Australia is grappling with its first major outbreak of Japanese encephalitis, a viral disease that has already killed two people. The mosquito-transmitted infection is typically found in rural regions of Asia, but climate change is thought to have driven it further south – and other diseases could follow suit.
Nineteen people have tested positive for the infection across four Australian states: Victoria, New South Wales, South Australia and Queensland. A man in his 60s from Victoria and another man in his 70s from New South Wales have died from the virus.
The outbreak has taken many experts by surprise. “Japanese encephalitis virus was completely off the radar for us,” says Roy Hall at the University of Queensland in Brisbane.
The virus is transmitted via Culex mosquitoes that have previously bitten an infected animal, such as a pig or waterbird.
Experts believe the infection may have entered Australia after recent floods along the east coast created additional wetlands. These may have attracted migratory waterbirds from Asia, carrying the virus over. “We know these birds often follow flooded watercourses,” says Hall.
Local mosquitoes may have bitten these birds as they travelled along the waterways. Australia’s mosquito population is higher than normal due to its recent warm, wet weather assisting the insects’ breeding.
Once mosquitoes are infected, they can pass the virus to dense populations of pigs in commercial farms, causing an “amplifying effect”, says Hall. Mosquitoes that bite infected pigs can spread the virus to people who work with or live near the animals. Japanese encephalitis cannot spread from person to person.
The virus has already been detected in pigs at more than 20 Australian farms, with some fearing the infection could spread to the country’s millions of feral pigs. “These pigs move over very wide ranges,” says Gregor Devine at QIMR Berghofer Medical Research Institute in Brisbane.
Record-breaking rainfall, flooding and warm temperatures may have created a “perfect storm” that allowed the Japanese encephalitis virus to gain a foothold in Australia, with climate change potentially being to blame, says Karin Leder at Monash University in Melbourne.
“We’re seeing changes in rainfall and temperature that are affecting the behaviours of the birds that host the virus, as well as increased breeding of the mosquitoes that spread it,” she says.
The Japanese encephalitis virus has previously been detected in a handful of people in Australia’s Torres Strait Islands, north of the mainland. The ongoing outbreak is a first for mainland Australia.
The vast majority of people who become infected develop no symptoms or experience mild, flu-like discomfort. The virus spreads to the brain in about 1 in 250 cases, causing complications like seizures, tremors and paralysis. Up to 1 in 3 people who develop these severe symptoms die as a result of the infection. In Asia and Western Pacific regions, an estimated 13,600 to 20,400 people die from Japanese encephalitis every year. Children are most likely to be affected.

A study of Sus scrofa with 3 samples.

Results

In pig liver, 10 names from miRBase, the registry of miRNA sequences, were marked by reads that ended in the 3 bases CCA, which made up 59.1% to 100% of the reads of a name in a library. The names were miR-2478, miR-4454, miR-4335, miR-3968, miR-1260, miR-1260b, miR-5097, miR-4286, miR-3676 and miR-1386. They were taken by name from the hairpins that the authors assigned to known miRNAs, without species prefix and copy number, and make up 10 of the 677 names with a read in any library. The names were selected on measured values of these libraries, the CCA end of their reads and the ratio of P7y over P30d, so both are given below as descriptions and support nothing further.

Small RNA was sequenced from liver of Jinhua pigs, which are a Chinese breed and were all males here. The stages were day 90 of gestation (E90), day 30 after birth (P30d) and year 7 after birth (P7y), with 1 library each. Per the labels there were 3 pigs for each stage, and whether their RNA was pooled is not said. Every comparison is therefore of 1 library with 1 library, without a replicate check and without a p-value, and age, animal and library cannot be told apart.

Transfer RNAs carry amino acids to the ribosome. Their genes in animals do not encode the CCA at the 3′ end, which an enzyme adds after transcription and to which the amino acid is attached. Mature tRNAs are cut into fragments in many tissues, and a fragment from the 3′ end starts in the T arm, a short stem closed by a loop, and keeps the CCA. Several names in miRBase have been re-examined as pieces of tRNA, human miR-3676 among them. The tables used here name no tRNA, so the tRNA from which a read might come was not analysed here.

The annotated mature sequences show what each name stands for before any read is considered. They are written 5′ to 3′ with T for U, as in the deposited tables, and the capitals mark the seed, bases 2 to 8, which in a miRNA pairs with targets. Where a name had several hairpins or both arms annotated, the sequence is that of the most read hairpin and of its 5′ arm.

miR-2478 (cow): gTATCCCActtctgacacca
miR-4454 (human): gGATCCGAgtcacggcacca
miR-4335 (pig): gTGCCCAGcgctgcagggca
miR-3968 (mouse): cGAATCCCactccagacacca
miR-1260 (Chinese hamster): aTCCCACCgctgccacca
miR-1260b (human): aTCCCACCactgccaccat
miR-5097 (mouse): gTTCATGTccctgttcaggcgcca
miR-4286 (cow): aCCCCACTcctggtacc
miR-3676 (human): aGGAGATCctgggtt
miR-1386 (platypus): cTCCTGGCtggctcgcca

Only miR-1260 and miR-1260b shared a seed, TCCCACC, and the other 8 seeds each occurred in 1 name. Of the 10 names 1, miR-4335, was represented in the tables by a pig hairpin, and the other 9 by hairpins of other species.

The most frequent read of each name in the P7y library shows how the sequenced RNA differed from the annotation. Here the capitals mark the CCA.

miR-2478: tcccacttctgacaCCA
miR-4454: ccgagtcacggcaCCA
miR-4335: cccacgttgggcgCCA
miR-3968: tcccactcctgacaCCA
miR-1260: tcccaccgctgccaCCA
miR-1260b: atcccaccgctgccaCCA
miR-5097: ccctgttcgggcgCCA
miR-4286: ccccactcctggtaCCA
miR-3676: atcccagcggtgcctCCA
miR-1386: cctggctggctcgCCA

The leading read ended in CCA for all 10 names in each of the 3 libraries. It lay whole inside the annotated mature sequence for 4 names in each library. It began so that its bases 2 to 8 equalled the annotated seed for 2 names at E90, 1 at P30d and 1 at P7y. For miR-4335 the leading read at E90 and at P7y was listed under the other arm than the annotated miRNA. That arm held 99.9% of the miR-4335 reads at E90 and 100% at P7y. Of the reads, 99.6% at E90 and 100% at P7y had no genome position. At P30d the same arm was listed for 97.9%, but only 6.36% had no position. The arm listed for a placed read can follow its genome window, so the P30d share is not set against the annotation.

There is no cure, but administering fluids and oxygen can support the body while it fights off the virus. Vaccines can ward off infection. However, Australia only has 15,000 doses in its stockpile. The government says it is importing another 130,000 doses, which will be available from late March.
Vaccines will initially be prioritised for high-risk groups, like piggery workers and veterinarians. “When we know more about the magnitude of risk in various geographic areas, we’ll be able to make informed decisions about who else should be vaccinated,” says Leder.
In the meantime, people who live in mosquito-dense areas should wear long-sleeved clothing, apply mosquito repellent and remove stagnant water from around their house, she says.
Now the Japanese encephalitis virus has been found animal hosts in Australia, it is “here to stay”, says Devine. “Sometimes it will be unseen and sometimes it will spill over [into humans], but it’s not going to disappear,” he says.
Climate change is also expected to increase the prevalence of other mosquito-borne diseases in Australia, says Devine. For example, dengue-carrying mosquitoes that reside in northern Australia could migrate south as it gets warmer, he says.
Australia should be better prepared for a rise in mosquito-transmitted viruses by ensuring appropriate tests are ready and building the capacity to make vaccines locally, says Hall. “We’re going to see more mosquito-borne diseases,” he says. “Exactly where, exactly when, we don’t know, but it will happen.”